1820 - The Radical War
The Scottish Radicals of the 1790s and 1820 are not forgotten, despite the best attempts of a British state to rewrite or hide our history.
Many of the communities around Glasgow in the 1790s were literate and given to meeting and discussing politics and social conditions. Inspired by the American Revolution and the principles of representative Government they would have been discussing Robert Burns and Tom Paine,and found insights into the 'Rights of Man' and the principles of the French Revolution (Liberty, Equality, Fraternity).
Documents and publications publicising the principles and objectives of the Revolutions would have been distributed, and in 1793, Thomas Fysshe Palmer, a Unitarian minister was given 7 years transportation for preparing and distributing such tracts.
Unrest continued, and in 1798 George Mealmaker a member of the underground organisations 'The Friends of Liberty' and 'The United Scotsmen' was transported for 14 years, for 'planning to establish a Republican Government'.
In 1812 a nine week widespread strike by weavers alarmed the authorities enough to set up a network of spies and informers to ward off any reformist revival.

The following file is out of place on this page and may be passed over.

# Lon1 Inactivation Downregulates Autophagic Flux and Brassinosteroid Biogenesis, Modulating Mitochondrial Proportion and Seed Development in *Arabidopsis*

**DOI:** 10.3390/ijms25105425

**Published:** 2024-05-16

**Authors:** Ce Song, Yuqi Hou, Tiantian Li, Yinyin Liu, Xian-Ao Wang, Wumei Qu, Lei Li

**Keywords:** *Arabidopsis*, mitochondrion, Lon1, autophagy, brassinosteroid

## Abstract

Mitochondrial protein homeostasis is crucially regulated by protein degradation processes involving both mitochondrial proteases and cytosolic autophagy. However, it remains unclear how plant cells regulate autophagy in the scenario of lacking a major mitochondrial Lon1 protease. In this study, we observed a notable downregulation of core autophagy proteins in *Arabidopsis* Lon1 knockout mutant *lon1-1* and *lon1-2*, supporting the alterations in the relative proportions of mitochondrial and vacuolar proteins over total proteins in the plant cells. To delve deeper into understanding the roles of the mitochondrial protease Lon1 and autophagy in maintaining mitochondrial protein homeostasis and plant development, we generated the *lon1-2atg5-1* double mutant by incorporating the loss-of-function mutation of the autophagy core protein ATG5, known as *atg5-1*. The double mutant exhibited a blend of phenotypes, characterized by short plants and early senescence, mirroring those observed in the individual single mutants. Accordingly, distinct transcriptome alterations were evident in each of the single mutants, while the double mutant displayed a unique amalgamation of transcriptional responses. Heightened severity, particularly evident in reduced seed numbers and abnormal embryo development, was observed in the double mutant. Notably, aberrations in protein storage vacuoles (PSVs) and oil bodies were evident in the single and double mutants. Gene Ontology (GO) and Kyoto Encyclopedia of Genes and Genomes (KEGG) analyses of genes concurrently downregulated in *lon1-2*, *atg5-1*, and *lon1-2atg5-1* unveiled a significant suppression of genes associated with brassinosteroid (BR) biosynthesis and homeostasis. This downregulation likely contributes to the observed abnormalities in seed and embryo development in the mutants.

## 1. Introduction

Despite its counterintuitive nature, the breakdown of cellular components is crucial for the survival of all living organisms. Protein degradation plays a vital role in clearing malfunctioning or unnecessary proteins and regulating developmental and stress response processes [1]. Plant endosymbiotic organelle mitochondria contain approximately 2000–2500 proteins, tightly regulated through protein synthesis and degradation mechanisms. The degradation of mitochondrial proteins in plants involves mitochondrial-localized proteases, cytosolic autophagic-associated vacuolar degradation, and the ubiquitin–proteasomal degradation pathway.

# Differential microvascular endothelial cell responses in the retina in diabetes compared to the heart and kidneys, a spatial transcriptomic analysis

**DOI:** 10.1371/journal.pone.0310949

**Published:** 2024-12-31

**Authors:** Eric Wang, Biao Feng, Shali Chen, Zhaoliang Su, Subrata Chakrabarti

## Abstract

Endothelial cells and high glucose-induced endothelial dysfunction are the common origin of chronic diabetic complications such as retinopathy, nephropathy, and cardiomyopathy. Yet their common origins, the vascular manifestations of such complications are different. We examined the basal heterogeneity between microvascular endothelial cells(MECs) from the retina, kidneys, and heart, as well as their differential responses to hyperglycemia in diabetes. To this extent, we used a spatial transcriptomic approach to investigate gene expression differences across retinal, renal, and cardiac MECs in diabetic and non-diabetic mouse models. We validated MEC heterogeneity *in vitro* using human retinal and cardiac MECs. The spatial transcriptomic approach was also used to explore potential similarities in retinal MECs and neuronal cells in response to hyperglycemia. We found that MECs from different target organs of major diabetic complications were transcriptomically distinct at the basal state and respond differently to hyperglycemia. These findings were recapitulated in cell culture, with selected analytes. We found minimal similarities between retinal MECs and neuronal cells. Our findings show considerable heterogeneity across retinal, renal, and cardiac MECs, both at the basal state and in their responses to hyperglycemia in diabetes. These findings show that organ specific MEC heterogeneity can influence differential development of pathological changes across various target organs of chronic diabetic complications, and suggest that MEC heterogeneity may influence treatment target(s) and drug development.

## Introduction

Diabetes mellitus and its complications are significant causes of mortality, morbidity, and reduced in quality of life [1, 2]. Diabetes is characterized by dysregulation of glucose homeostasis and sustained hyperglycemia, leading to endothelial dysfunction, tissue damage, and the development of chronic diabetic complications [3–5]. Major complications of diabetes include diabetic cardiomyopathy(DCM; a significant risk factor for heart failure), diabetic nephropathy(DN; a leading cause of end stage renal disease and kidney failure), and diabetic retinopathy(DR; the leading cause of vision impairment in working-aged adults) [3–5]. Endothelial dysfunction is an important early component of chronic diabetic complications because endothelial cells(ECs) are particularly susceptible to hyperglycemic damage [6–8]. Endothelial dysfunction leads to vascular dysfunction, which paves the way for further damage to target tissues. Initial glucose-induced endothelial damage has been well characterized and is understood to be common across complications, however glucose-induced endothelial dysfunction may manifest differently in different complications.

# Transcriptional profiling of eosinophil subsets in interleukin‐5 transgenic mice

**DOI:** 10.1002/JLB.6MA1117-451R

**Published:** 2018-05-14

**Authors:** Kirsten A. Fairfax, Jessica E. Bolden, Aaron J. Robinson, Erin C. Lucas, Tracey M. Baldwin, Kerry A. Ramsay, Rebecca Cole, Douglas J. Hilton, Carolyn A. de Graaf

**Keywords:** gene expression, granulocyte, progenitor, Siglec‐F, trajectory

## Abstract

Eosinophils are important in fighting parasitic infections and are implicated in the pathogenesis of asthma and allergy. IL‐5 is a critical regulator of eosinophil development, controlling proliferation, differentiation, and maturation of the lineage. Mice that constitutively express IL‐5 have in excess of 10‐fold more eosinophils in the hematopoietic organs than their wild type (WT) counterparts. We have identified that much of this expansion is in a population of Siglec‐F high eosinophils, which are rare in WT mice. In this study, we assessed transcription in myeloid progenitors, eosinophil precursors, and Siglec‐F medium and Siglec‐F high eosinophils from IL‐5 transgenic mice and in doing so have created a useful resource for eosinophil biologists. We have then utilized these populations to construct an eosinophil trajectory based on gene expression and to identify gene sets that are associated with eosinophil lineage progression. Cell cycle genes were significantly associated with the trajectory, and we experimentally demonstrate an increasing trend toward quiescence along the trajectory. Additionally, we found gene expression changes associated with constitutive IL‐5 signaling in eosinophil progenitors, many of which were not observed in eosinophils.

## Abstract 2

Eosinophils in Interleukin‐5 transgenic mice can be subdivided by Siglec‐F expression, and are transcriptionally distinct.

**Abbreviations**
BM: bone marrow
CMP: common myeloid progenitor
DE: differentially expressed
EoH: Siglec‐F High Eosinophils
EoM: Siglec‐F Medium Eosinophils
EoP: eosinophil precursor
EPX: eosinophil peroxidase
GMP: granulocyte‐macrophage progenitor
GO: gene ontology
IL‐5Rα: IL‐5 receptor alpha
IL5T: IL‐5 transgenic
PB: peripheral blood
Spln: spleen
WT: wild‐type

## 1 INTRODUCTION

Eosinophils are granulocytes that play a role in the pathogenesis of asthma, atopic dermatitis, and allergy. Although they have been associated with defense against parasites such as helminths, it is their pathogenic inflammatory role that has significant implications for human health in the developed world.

In 1819, a reform meeting in Manchester was dispersed by military force and the deaths at 'Peterloo' provoked demonstrations in Scotland. Rioting in Paisley resulted in the use of cavalry to control some 5000 of these 'Radicals', as they became known.
The government through its agents, became aware of plans to establish a Provisional Government, separate Scotland from England and restore a Scottish Parliament. The government then had the Committee arrested. This was kept secret from the Committee's supporters and agents, who were then manipulated into open rebellion in the belief that the day of liberty had come, where (like the Covenanters of the 1670s) they were identified and crushed.
Acting in such a way the governments agent provocateurs identified the reformers and
following marches at Strathaven and Stirling, dealt with them. Such action provoked widespread anger and crowds in Greenock succeeded, after several casualties, in freeing some of the arrested radicals.
They were however recaptured and stood trial for treason.
James Wilson - hung and beheaded, Glasgow Green, 30 Aug 1820
John Baird - hung and beheaded, Stirling, 8 Sep 1820
Andrew Hardie - hung and beheaded, Stirling, 8 Sep 1820
Originally sentenced to death, but subsequently commuted to transportation to New South Wales were:
John Anderson, John Barr, William Clackson or Clarkson, James Clelland, Andrew Dawson, Robert Gray, Alexander Hart, Alexander Johnson, Alexander Latimer, Thomas McCulloch, Thomas McFarlane, John McMillan, Benjamin Moir, Allan Murchie, Thomas Pike or Pink, William Smith, David Thompson, Andrew White and James Wright
There is a full and detailed account of the The 1820 Rising in James Halliday's book, available from Scots Independent Newspapers.